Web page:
New Mandala associate editor Mish Khan wades through the week that was in this crazy, chaotic corner of the globe.

This week she runs her eye over Myanmar, the Philippines, Indonesia and Malaysia.

Colourful campaigns against camo
Doctors, lawyers and now teachers in Myanmar have donned ribbons to protest the appointment of military officers to senior positions in the health, judiciary and teaching sectors.

The original “Black Ribbon Movement” launched in August encouraged Facebook users to share photos wearing a black ribbon to protest military appointments in the Ministry of Health.

Inspired by its success, Myanmar lawyers launched a similar “Yellow Ribbon Campaign” in early September.

Teachers in Myanmar now plan to launch a “Green Ribbon” movement on World Teacher Day, 5 October, in hope that a reduced military presence in the ministry will revitalise the country’s education system.

Myanmar's yellow ribbon campaign highlighted military appointments to the judiciary. Photo: AFP.

Myanmar’s yellow ribbon campaign highlighted military appointments to the judiciary. Photo: AFP.

Bang bang, Bangsamoro’s dead
There is little optimism that the Philippines Congress will manage to pass the Basic Law, or BBL, on the Bangsamoro Autonomous Region before house adjourns in mid-December.

The BBL seeks to abolish the present Autonomous Region in Muslim Mindanao and create a more autonomous Bangsomoro region. Ending decades of conflict between the Moro Islamic Liberation Front and the Philippines Government hinges on the peace deal.

Critics state that this delay amid a fast approaching election campaign period, in conjunction with the BBL’s heavy dilution, render the BBL as good as dead.

The MILF voiced concerns that extensive revisions to the BBL left the proposal both weak and unconstitutional.

A young Moro soldier. Photo Mark Navales on flickr

A young Moro soldier. Photo Mark Navales on flickr

Trump troubles in Indonesia
A meeting with Donald Trump, has landed the Indonesian speaker, Setya Novanto, and deputy speaker, Fadli Zon, in hot water.

Earlier this month, Setya and Fadli made an unexpected appearance at New York’s Trump tower during a campaign event for the Republican Party front runner. When asked by Trump, “Do they like me in Indonesia?” Setya responded “Yes, highly.”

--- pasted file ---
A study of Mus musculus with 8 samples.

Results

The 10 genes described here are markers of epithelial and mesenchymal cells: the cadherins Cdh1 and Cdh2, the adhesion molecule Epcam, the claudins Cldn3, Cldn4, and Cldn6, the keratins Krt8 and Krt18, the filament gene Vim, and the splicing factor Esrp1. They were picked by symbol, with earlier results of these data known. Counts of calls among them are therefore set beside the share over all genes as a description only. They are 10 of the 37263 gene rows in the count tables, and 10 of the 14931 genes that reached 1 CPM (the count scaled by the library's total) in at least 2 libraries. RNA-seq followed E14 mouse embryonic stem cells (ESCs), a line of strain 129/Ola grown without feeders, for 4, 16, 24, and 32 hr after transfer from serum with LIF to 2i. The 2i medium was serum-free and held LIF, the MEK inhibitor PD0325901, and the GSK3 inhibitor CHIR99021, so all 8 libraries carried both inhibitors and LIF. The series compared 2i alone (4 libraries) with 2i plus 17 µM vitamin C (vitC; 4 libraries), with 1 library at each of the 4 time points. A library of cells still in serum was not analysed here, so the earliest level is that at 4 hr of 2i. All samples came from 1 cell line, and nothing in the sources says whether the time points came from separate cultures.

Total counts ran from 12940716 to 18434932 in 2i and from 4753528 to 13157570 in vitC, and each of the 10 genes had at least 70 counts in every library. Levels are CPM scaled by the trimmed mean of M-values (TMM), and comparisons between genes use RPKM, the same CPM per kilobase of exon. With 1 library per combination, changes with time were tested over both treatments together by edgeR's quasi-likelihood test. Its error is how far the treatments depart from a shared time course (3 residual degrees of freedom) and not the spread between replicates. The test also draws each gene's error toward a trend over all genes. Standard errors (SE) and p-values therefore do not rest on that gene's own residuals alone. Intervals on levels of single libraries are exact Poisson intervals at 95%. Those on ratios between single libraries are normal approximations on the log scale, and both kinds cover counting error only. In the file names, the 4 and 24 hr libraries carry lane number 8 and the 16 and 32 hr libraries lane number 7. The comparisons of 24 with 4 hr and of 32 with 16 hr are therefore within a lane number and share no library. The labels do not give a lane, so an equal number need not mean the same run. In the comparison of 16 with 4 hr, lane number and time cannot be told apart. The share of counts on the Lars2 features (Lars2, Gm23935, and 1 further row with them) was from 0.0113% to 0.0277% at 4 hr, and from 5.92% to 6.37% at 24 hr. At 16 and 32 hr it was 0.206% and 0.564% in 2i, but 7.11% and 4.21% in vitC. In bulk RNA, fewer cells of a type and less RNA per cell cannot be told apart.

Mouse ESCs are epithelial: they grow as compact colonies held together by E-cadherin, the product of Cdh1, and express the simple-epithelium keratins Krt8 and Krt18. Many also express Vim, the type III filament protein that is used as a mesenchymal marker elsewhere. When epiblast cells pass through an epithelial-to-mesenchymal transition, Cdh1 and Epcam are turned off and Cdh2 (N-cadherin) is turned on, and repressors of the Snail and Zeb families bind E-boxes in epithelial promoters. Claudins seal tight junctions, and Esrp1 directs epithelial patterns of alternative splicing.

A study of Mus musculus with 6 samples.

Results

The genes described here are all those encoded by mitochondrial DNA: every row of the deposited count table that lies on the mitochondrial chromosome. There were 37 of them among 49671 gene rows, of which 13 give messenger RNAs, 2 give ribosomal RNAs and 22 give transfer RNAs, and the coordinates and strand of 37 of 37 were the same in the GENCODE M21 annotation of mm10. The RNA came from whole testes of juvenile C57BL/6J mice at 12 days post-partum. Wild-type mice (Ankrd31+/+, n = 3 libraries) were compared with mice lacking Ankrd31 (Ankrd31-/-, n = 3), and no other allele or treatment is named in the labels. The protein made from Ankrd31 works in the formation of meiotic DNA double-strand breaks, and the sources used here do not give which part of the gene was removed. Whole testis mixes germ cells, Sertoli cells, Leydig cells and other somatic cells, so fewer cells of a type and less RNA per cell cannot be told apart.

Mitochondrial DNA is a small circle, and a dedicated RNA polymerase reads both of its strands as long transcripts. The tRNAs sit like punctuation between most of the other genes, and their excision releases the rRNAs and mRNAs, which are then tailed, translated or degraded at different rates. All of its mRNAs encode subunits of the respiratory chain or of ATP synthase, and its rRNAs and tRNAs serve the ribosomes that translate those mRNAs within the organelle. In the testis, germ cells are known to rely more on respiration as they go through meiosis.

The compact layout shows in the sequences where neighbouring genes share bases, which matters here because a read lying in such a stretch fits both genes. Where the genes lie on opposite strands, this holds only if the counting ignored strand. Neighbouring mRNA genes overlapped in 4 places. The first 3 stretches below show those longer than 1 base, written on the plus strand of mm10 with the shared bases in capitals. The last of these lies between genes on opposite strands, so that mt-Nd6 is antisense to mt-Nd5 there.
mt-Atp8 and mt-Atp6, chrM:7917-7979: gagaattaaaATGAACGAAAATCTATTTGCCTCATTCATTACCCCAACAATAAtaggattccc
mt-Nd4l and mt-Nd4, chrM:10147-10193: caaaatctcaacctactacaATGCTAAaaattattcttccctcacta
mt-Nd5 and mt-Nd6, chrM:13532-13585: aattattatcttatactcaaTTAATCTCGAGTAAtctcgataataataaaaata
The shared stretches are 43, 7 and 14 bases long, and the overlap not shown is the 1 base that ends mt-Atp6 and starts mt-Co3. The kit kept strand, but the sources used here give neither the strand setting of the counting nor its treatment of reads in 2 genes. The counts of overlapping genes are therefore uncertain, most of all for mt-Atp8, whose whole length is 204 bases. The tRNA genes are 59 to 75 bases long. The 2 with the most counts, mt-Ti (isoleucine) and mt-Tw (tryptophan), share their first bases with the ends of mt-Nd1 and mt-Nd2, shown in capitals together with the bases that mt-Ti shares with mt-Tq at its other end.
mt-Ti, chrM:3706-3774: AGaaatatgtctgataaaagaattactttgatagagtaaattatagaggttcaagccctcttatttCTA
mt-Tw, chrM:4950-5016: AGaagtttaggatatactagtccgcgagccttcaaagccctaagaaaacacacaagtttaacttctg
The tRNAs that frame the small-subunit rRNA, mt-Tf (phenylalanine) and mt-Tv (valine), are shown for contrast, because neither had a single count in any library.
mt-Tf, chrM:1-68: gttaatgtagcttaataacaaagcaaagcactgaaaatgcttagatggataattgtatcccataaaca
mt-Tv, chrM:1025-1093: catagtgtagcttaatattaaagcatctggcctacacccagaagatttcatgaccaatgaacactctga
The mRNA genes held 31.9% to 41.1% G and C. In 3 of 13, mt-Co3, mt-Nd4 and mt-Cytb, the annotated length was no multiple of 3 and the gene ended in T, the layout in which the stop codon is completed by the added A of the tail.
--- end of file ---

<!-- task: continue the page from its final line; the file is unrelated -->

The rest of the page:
Their apparent endorsement of the controversial figure sparked outrage among Indonesians. The pair are now being closely investigated by an ethics committee for their appearance.

Defending his meeting with the controversial figure, Setya stated they had no interest in Trump’s intention to run and that they met as friends.

Keen to further distance themselves from any supposed political ties with the wannabe president, Fadli has handed over a Trump campaign hat and, yes you guessed it, ties, to Indonesia’s anti-graft body, the KPK.

Racial tensions in Malaysia: no piece of mooncake
China’s ambassador to Malaysia, Huang Huikang, stirred tensions last Friday while visiting Kuala Lumpur’s Chinatown to gift mooncakes for the mid-Autumn festival.

He was quoted as saying, “The Chinese government opposes terrorism and any form of discrimination against races and any form of extremism.”

Mooncake. Photo: Boo Lee on flickr

Mooncake. Photo: Boo Lee on flickr

The statement was widely perceived as interference with Malaysia’s domestic politics amid heightened racial tensions between ethnic Chinese and Malays.

Two weeks ago, pro-government ethnic Malays gathered in support of Prime Minister Najib Razak, with some accusing ethnic Chinese of betraying the country’s Malay leadership in the Bersih 4.0 rallies.

The ambassador has since downplayed the incident, saying his remarks were taken out of context.

Mish Khan is a second-year law/Asian studies student at the Australian National University and associate editor at New Mandala.